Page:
Rabin’s Gold Standard: Cardiovascular Disease Clinical Research

Senior cardiologist from Rabin Medical Center, Dr. Alon Eisen, is the first doctor from Israel to participate in renowned TIMI (Thrombolysis in Myocardial Infarction) Study Group in the United States.

In addition to being a Rabin Medical Exchange Fellow, Dr. Eisen is the recipient of the Dr. Len Gottlieb Fund for fellows in Boston, through American Healthcare Professionals and Friends for Medicine in Israel (APF).

Dr. Alon Eisen is spending the year immersed in the “gold standard” of cardiovascular disease clinical research.

The 41-year-old Rishon Le Zion native, a 2014-1015 APF post-doctoral Fellow, is one of four research Fellows with the world–renowned TIMI (Thrombolysis in Myocardial Infarction) Study Group, an academic research organization at Brigham & Women’s Hospital in Boston and Harvard Medical School. Eisen is the first TIMI Fellow from Israel. 

The TIMI Study Group, was founded in 1984 by Dr. Eugene Braunwald, one of the creators of modern cardiology, and now is chaired by Dr. Marc Sabatine. TIMI has conducted trials in more than 50 countries and at more than 5,000 different sites. It has helped shaped the very practice of cardiovascular medicine for more than a quarter of a century, says Eisen. “Much of what we know in cardiology is from what has been done by the TIMI Study Group.”

Eisen came to the United States in October with his wife Maya, 40, a human resources specialist, a daughter Ofri, 7 ½ years old and sons Matan, 5 ½ years old and Ori 7, months old.
The senior cardiologist at Rabin Medical Center in Petah Tikvah had already done some cardiac disease research and published about 20 journal articles.

Eisen attended medical school at Sackler School of Medicine at Tel Aviv University; did his internship at Rabin Medical Center and his residency in internal medicine at Meir Medical Center in Kfar Saba, as well as a residency in cardiology at Rabin Medical Center.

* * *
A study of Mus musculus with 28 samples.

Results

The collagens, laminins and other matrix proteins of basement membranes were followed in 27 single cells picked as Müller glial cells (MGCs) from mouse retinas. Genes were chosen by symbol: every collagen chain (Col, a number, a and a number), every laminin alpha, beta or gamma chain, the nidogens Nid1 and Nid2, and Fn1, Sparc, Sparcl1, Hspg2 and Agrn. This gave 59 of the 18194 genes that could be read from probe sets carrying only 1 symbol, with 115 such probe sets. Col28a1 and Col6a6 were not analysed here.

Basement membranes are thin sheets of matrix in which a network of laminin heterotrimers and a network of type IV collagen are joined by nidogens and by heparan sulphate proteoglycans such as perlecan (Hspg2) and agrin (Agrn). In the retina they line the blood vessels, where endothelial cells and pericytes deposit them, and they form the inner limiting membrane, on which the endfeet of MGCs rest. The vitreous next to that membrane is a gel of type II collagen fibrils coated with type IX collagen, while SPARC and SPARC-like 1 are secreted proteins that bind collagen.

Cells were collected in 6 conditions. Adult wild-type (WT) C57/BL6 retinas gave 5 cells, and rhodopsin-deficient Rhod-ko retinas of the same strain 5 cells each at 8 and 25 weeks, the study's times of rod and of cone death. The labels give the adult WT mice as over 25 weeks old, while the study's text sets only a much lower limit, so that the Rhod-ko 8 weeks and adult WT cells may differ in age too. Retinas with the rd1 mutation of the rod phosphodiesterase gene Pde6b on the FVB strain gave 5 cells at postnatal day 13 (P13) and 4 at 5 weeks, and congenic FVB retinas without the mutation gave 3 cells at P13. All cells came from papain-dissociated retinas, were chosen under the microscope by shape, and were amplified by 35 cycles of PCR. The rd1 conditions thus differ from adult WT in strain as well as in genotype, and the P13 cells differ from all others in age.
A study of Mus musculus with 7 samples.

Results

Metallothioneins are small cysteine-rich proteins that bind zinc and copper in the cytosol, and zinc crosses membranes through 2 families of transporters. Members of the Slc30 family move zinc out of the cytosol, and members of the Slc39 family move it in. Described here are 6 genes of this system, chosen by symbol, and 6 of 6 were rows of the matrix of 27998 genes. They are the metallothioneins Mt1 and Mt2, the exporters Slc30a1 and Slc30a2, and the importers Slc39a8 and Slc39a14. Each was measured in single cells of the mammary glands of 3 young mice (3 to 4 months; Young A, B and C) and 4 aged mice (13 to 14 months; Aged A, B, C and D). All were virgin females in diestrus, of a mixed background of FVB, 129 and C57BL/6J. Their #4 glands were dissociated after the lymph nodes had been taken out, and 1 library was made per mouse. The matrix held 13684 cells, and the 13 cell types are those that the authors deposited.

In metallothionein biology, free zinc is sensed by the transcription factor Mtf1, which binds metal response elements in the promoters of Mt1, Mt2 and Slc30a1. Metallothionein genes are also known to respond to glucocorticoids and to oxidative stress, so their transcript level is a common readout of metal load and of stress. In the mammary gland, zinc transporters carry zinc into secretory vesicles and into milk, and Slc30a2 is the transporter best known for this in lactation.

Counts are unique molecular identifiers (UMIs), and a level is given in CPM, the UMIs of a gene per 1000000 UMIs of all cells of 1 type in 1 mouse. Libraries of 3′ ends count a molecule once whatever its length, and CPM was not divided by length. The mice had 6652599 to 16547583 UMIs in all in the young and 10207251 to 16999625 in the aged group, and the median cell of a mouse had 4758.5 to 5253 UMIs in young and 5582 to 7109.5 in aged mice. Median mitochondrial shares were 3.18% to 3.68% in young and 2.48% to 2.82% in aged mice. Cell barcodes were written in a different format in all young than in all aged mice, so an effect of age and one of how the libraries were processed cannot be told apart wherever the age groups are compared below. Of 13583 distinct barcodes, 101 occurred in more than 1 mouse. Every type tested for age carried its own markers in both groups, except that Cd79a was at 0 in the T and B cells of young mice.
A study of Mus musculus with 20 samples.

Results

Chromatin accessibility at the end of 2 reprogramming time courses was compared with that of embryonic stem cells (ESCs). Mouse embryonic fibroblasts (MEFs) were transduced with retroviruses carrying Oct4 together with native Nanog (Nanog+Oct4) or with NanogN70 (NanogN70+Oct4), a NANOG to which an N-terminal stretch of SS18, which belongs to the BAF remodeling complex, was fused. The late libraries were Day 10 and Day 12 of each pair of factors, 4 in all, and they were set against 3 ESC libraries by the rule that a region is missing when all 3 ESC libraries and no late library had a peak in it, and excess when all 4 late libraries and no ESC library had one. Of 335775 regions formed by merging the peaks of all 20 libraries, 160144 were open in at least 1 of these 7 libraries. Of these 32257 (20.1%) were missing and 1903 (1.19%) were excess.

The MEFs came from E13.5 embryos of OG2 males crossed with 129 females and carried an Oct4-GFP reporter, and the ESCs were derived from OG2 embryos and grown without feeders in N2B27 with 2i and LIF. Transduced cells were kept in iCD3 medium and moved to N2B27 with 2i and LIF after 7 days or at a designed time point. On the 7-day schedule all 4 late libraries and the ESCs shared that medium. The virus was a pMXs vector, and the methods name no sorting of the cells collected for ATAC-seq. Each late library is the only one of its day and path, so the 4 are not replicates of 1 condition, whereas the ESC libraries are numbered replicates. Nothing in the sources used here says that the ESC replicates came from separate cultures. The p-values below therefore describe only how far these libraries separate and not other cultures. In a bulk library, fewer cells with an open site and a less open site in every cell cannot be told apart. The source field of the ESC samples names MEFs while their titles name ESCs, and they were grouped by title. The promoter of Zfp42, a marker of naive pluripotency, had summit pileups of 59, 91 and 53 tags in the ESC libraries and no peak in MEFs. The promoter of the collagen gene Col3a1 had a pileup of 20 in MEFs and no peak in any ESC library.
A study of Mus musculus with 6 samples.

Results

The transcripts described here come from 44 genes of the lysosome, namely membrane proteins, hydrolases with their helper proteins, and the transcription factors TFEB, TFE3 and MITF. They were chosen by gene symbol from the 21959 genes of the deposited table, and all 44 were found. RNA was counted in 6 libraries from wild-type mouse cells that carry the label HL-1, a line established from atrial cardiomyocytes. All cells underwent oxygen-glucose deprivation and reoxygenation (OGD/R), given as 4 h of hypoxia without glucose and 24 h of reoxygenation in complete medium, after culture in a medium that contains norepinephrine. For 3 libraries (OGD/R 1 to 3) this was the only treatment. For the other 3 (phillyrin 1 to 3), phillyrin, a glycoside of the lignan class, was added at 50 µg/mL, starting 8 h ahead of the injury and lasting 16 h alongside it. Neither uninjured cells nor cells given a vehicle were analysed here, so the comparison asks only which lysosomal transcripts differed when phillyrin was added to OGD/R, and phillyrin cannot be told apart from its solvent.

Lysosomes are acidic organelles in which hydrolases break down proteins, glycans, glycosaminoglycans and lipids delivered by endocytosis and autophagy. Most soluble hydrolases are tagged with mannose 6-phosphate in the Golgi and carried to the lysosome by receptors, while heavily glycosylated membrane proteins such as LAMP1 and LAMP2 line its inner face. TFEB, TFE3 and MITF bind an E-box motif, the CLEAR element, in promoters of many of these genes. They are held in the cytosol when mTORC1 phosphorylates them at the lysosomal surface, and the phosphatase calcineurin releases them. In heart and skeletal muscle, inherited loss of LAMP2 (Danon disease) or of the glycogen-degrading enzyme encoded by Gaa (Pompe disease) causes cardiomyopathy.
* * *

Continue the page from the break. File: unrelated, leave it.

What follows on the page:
Medicine wasn’t a childhood dream for him. After his army service as a combat officer, he started university in engineering and found “It wasn’t my cup of tea. And a few months later I started medical school. I like science, but I also really like working with people and medicine is something that combines these two.”

Why Cardiology?
“I like cardiology, first of all, because it is a part of internal medicine, which is, I believe, is the father of medicine. I am fascinated by the physiology of the heart. Cardiology is a very wide and inclusive field, and it includes both traditional bed side medicine, as well as innovation and technology. “Also, it is very practical since cardiovascular disease is the most common cause, with cancer, of morbidity and mortality today.”

After he finished his residency in cardiology, Eisen decided he wanted to ramp up his cardiology research skills, was very interested in the TIMI group’s work and decided to apply. His Boston assignment is a very different experience from home, he says. "My work includes analyzing and reviewing clinical data of ongoing and prior cardiovascular clinical trials", he says.

While Eisen thinks highly of cardiac care and research in Israel, this time is something he couldn’t get back home, he said.

“There is excellent research back in Israel, but these are world-wide trials. In addition, I have never had access to the experience of how to manage trials and what’s happening behind the scenes,” he said. “This is something I was not a part of in Israel during my research. I was involved in clinical research as an investigator, but not as part of the group that runs clinical trials “And now I’m learning ‘the gold standard’ for cardiovascular disease clinical research.”

Eisen says he’s not only doing his Fellowship for personal education, he sees it as a “collective, national goal.” He would like to improve cardiac research in Israel in order to make Israel a more vigorous part of cardiac research internationally, and thus improve patient care and outcome. “I would hope to continue to collaborate with TIMI when I return to Israel.”

Eisen says that the pace in TIMI is far less hectic than in the intensive cardiac care unit back in Israel. “You do have projects and deadlines; but you have no sick patients, no emergencies, no complications. In a sense, it’s an enjoyable and learning period.

“But there’s also an ambivalent feeling. Here I’m working with world-wide known cardiologists and researchers and this is truly a unique and exciting opportunity and a great experience for me. I will miss it very much. However, as a clinician, I do miss my patients and look forward to going back to the clinic.